Staying alive means you need to recognize danger, feel fear, and react. Here’s what you need to know if you want to survive.
If you’re out in the woods and get lost, a cell phone can really come in handy. However, what happens if you fall and your phone gets broken? Luckily, you can go to sites like www.bodyguardz.com and get a screen protector and case for it so that it will be protected from things like that. A broken phone will be of no use to you when your life depends on it.
Even YouTube survivalist channels can be helpful when it comes to surviving in the wild or in the event of a natural or man-made disaster. If there ever comes a time when you’re face to face with an animal in the wild, you’ll be safer if you know what to do, and some of those channels will show you just that.
However, you can avoid that possibility by taking a few precautions. You should stay away from waters where sharks are known to be. When you’re out hiking, you should carry repellant pepper spray. This can stop a charging bear even as far as 30 feet away if you get the right kind. If you want to reduce your risk of being attacked, allow the bear to get out of your path. Try to remain in the open. If you do find it necessary to move through the brush that’s thick, make as much noise as possible by shouting and clapping.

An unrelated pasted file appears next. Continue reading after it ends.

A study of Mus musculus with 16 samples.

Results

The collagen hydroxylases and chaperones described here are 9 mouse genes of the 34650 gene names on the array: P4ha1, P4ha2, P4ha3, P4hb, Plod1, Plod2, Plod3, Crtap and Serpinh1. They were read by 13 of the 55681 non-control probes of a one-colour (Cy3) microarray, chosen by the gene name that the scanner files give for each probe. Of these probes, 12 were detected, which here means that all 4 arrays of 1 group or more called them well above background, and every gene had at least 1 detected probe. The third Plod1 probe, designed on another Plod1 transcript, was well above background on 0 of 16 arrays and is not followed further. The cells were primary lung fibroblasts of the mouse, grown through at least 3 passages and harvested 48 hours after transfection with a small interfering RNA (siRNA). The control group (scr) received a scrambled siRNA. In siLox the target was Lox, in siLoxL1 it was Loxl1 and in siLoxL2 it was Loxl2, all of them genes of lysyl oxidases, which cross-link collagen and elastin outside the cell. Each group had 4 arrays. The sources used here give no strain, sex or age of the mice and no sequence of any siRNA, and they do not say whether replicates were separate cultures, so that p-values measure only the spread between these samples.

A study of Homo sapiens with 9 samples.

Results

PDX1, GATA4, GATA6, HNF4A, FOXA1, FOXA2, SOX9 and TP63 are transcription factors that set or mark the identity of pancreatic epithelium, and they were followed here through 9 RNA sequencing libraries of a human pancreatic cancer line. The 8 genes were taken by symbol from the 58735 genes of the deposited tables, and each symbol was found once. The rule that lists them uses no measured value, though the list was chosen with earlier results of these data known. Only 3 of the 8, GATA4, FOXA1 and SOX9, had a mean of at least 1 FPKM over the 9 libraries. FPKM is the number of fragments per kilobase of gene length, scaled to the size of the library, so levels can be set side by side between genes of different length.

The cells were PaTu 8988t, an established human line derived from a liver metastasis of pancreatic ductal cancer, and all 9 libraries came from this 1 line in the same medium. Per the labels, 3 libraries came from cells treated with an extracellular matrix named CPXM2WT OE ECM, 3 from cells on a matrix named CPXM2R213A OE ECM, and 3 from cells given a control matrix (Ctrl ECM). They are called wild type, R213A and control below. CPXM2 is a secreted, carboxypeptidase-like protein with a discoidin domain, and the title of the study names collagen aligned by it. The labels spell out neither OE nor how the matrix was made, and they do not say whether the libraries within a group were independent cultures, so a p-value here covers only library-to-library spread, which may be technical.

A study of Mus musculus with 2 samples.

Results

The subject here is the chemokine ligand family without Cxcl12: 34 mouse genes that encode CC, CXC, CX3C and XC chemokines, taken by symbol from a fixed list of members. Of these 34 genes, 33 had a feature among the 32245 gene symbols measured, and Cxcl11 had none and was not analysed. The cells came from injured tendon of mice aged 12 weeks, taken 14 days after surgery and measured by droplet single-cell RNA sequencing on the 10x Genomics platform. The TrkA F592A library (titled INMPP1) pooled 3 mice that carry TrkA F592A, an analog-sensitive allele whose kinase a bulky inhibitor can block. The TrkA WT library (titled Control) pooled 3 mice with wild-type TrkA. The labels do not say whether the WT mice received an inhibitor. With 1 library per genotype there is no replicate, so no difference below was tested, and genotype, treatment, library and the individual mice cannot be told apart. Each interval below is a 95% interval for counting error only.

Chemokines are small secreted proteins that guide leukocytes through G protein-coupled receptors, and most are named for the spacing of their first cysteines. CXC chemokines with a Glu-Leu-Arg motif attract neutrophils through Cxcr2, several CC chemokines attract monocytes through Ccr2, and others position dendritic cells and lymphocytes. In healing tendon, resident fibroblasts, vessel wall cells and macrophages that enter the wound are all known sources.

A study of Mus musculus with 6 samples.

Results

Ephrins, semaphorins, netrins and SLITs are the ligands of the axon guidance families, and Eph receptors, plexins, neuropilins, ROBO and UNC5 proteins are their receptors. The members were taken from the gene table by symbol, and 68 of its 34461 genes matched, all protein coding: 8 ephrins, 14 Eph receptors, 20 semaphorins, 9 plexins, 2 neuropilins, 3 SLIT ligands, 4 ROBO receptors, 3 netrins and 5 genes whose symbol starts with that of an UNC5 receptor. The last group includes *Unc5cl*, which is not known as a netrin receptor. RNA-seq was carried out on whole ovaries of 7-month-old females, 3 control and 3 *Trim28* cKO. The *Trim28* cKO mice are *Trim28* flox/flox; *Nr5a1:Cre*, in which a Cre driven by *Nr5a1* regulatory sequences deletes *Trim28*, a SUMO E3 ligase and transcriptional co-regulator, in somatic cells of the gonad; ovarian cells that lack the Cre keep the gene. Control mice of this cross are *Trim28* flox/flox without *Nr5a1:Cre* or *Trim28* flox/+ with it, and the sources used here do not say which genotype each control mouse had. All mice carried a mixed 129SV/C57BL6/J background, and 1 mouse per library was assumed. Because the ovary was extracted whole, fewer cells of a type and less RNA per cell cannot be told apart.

Even when you’re just going to the cabin on the lake with the family, disasters can still happen. You need to have a family survival system in place, just in case. For example, in 2013, a man was on the dock in Kentucky at Rough River Lake. He noticed his dog in the water in distress. So, he jumped in to try and save the dog. The dog and the man both drowned. They were victims of ESD (electric shock drowning). Cords that had been plugged in on the dock had fallen into the water, essentially electrifying it.
The number of deaths each year from this is the US aren’t known because they’re counted as drownings. However, if you pay attention to anecdotal evidence, they don’t seem to be uncommon. There are actually ESD prevention groups that have been successful in getting a few states to enact some safety standards, that include installing a central shutoff for the electrical system of docks and installing ground fault circuit interrupters.
Stay on Dirt
One prepper tip that’s for those who include an ATV in their prepping is to keep it on the dirt. There have been more than a few cases of ATVs going from the dirt to pavement and flipping.
The tread on ATV tires is high traction and these will grip the road tightly and can cause it to flip when coming off a dirt track.
To avoid this, keep your ATV off the pavement. Knobby, soft tires were designed for traction on ground that’s uneven and can have unpredictable behavior on the pavement. In some instances, the tires will grip just enough to flip the vehicle. If you do find yourself needing to cross a road to get or stay on an approved trail, make sure you go in first gear and straight across.
Survival isn’t too tricky if you use your head and think about things before you do them. This includes making sure you’re prepared for anything that can happen to you at any time. You never know when you might be stranded somewhere or when a disaster will occur.